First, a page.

Seventy-six years ago, Joe Esquibel of New Mexico was a teenage soldier in the United States Army.
Just before he was deployed to fight in World War II, Joe purchased a silver bracelet to wear as a talisman to keep him safe. On one side, he engraved his own signature. On the other, he scratched the name of the woman he loved, a girl back home named Lydia.
Joe was based at a prisoner of war camp in then-Czechoslovakia. Just before he was scheduled to leave for Germany in 1945, someone stole one of his bags. The bracelet he’d worn since leaving home, along with several other keepsakes he’d collected, were lost, seemingly forever.
When Joe retired from the army, he moved back home and married Lydia. The couple settled in Grand Junction, Colorado and raised four children together. Sadly, Lydia passed away in 2019, but it was her obituary that became the missing piece of the 76-year-old puzzle of where Joe’s trinkets had ended up.
In October 2021, Czech reporter Petr Švihovec was using a metal detector around the ruins of the old POW camp. He was surprised when his detector began beeping wildly, and even more surprised when he unearthed several small metal pieces.
“So I started to dig and I found a U.S. pin,” Petr explained via interpreter. “And after that I found a silver bracelet on which I noticed that there was a kind of signature.”
He could tell that these items must have meant something to someone, most likely one of the U.S. soldiers who’d helped liberate his country all those years ago. So, like any good amateur sleuth, Petr turned to Facebook and a local historian to track down the owner of the mementos. Eventually his research lead to the name Lydia Esquibel, which is how they discovered her obituary — and her husband’s name and location!
A woman named Alena Busovska happened to see Petr’s Facebook posts. She was born in Czechoslovakia and now lives in Grand Junction, too, and as soon as she saw the items she knew she could be the bridge between two countries to get them back to Joe. Though she was shy about her English, she mustered the courage to call Joe up to tell him what Petr had found. His grown daughter, Jolene Esquibel-Archuleta, admits she thought the call was fraudulent when she first picked up.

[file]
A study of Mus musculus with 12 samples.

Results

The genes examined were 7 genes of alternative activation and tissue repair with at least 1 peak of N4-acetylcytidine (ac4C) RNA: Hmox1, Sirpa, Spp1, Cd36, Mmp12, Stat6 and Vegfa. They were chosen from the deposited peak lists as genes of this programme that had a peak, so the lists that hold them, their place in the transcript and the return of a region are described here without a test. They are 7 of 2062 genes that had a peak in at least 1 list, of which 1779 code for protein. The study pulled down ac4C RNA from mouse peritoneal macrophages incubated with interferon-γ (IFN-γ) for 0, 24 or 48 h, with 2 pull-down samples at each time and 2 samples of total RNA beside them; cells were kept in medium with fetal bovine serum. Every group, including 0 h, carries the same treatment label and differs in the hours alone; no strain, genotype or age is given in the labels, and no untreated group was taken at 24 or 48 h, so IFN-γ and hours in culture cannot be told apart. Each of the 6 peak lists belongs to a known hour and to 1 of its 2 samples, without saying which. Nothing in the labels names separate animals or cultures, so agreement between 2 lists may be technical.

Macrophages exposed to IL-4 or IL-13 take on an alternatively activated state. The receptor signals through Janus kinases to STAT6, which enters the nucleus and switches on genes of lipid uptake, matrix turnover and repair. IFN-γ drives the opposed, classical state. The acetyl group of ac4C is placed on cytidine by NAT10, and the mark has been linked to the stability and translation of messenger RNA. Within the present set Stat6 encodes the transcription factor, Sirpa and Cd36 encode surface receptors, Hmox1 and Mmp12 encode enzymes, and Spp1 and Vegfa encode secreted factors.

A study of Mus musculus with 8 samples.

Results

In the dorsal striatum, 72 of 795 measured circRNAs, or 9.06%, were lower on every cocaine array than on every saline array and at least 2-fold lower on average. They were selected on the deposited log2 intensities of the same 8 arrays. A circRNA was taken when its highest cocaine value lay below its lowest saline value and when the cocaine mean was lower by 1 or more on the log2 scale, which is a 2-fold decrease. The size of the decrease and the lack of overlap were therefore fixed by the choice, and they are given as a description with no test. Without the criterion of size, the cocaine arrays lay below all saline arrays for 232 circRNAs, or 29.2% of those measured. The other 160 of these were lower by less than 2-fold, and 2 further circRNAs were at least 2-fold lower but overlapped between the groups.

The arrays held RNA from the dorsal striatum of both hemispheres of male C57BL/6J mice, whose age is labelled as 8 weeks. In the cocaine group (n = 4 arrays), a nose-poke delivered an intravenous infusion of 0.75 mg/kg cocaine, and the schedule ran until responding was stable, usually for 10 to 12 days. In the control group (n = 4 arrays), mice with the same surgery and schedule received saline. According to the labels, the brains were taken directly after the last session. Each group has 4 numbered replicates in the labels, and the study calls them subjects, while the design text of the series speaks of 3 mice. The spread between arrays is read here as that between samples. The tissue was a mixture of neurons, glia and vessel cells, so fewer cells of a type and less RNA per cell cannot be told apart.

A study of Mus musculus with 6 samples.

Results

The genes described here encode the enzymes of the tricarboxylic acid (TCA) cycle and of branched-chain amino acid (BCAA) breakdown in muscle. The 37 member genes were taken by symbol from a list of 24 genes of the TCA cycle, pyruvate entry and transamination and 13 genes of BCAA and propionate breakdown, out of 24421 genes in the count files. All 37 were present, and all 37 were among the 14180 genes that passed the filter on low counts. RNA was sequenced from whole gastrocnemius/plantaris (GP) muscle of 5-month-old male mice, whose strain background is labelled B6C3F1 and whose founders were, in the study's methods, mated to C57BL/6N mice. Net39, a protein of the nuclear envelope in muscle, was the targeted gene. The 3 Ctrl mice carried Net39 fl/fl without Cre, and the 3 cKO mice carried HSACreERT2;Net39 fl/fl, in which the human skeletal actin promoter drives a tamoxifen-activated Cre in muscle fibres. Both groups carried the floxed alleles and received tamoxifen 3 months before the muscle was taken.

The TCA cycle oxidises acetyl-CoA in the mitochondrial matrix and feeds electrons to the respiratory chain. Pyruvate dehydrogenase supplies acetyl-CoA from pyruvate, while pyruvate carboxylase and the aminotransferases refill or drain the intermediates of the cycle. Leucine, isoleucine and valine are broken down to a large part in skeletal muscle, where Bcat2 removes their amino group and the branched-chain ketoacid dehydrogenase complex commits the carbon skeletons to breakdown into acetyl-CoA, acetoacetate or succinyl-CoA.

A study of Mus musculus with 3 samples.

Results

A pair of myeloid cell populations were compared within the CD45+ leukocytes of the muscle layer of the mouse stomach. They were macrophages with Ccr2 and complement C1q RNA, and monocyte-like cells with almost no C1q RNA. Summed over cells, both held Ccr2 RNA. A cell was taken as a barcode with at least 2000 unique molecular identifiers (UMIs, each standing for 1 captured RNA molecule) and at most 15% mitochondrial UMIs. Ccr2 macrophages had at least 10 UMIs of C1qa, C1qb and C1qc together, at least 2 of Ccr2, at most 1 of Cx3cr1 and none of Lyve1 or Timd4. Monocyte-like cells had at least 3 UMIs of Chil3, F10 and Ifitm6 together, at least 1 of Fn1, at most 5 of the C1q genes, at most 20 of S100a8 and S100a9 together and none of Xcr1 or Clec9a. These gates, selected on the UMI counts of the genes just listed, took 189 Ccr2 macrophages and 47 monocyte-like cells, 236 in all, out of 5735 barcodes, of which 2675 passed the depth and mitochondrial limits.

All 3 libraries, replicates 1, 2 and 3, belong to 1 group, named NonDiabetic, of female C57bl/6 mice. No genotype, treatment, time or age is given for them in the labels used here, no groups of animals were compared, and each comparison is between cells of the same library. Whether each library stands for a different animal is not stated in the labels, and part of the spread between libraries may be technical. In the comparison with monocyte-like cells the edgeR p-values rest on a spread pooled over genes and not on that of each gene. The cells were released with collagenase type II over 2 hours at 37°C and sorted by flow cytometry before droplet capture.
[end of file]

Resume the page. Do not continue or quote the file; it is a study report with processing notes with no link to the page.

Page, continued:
“It was like a dream,” she said. “I couldn’t believe it at first.”
Once Petr knew who the items belonged to, he started the arduous process of getting them back to Joe. The U.S. Embassy and the Marines were involved, and at long last the veteran received a diplomatic mail package that contained his bracelet, a service ribbon with a bronze star, an Army lapel pin, and a Swiss coin.
Joe was thrilled to have his long-lost belongings back.
“Well, I thank you many times,” he said to Petr. “If I would see it in the movie, I would say, ‘Oh, what a nice story. I wish that would happen in reality. But this really did happen. And it is real, and it’s not a movie.”
“I honestly think my mom made this happen,” said Joe’s daughter. “Our faith is very strong.”
Isn’t it incredible how cherished items have a way of coming back to us when we need them most? Thank you to Petr and everyone else who made this happen for this grateful war vet!